It’s been a year since William Raggio resigned from the Nevada Senate after four decades as district attorney and a high-powered state senator. Raggio, seen in the photo with daughter Leslie at a Reno High all-class reunion, talks about decompressing.
What has life out of the limelight been like?
I’ll have to say I think it’s rewarding. I look back on a long career. I’m grateful I had that opportunity. But, you know, now I have more time to do other things.
When things happened like the Legislature failing to get redistricting done, was it difficult to be on the outside looking in?
I suppose once you have been there, done that, that you have your own ideas as to what you would have done if you had been there. I think it could have been done and should have been done during the session. This way, it is a court-ordered redistricting, and I think it takes away some of the legislative responsibility.
And you held your tongue when things like that were happening. Was that hard?
I have purposely not made a lot of statements … unless I was asked, because I think once you don’t hold a position, if you’re not asked, I don’t know that your opinion is worth much.
A lot of people turn down the chance to run for office these days, because it has become so mean-spirited.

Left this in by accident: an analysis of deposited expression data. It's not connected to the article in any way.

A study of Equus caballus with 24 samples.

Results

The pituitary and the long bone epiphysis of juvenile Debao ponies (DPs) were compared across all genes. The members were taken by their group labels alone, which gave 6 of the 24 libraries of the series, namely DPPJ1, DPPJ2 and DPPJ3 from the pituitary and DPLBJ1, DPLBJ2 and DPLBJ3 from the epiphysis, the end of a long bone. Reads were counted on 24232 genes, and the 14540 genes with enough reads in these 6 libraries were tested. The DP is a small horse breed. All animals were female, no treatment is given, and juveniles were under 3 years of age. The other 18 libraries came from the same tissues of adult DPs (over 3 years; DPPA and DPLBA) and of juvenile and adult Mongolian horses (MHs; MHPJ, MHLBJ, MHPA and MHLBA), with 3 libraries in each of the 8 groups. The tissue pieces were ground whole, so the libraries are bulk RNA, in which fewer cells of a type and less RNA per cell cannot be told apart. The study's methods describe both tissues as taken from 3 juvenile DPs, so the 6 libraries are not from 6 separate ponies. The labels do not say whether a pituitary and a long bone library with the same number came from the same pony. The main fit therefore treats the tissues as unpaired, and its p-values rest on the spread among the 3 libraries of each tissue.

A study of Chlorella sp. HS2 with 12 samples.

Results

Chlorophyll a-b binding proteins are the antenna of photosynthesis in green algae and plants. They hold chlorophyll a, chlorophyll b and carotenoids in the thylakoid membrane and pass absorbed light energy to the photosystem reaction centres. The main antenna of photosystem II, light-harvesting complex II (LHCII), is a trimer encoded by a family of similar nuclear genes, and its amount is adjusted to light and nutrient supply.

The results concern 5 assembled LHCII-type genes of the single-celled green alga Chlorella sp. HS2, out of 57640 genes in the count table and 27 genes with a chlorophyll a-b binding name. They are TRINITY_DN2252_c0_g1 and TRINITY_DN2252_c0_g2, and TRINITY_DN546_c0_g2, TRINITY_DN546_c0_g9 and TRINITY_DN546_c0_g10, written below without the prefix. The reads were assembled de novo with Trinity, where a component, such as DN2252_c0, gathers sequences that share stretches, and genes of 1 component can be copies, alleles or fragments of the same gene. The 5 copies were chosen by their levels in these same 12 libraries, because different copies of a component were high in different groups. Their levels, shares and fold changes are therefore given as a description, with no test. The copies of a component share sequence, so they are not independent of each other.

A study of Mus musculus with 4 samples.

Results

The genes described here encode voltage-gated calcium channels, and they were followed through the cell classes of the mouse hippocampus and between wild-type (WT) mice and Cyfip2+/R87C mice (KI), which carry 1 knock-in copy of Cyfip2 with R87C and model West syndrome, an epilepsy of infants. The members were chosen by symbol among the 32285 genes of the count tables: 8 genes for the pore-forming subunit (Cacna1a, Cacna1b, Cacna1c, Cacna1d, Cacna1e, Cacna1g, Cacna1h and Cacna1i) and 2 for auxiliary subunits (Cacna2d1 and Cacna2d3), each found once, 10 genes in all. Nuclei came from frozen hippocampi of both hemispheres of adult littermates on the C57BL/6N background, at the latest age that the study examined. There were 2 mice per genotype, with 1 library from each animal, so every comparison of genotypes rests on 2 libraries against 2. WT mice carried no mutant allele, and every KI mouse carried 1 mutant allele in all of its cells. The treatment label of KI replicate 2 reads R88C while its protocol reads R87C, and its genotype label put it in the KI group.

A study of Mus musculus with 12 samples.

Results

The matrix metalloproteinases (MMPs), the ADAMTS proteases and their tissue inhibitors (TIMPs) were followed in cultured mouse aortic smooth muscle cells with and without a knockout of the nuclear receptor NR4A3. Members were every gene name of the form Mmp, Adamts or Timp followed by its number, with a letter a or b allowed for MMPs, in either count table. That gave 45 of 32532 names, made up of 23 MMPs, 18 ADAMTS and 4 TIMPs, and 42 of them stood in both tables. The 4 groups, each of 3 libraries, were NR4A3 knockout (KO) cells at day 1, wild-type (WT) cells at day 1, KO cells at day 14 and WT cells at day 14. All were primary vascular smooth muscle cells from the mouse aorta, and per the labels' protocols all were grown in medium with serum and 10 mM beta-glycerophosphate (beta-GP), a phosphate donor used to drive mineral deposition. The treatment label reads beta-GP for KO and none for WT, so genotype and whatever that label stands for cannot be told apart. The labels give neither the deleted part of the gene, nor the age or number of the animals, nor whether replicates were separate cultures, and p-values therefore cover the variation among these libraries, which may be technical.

I would certainly put an explanation point after that. I’ve made it quite clear that I deplore the political attitude that exists today at all levels of government. I do believe that extremism in partisan politics is a disservice to the process. I think that there is a real need for expressing views and maybe making strong arguments, but then sitting down and working together. And you can’t have everything you want, whatever side or position you take, and that was my mantra for 38 years. Now, I know people criticize me because some of these people think that if you have a principle, you just can’t get off that position. But it that were so, they’d have never framed a Constitution.
Looking back on your political career, what would you tell somebody who was looking at running for political office?
Well, you know, I think politics is interesting, it’s essential, it’s a process that ensures that we will retain a democracy unless we just abdicate the process and insist that it’s going to be one way or another. I think democracy means you listen to other people’s viewpoints, you adjust your own to do what’s best for the common good and retain your principles as fully as possible. I guess I’m not considered a tea party person because I’m a person who believes in free enterprise, I believe in limited government, and that’s why I’m a Republican. But the Republican Party today has been, I think, my word is “hijacked” by extreme views, and so has the other party. It’s not the way to get things done for the majority of Americans.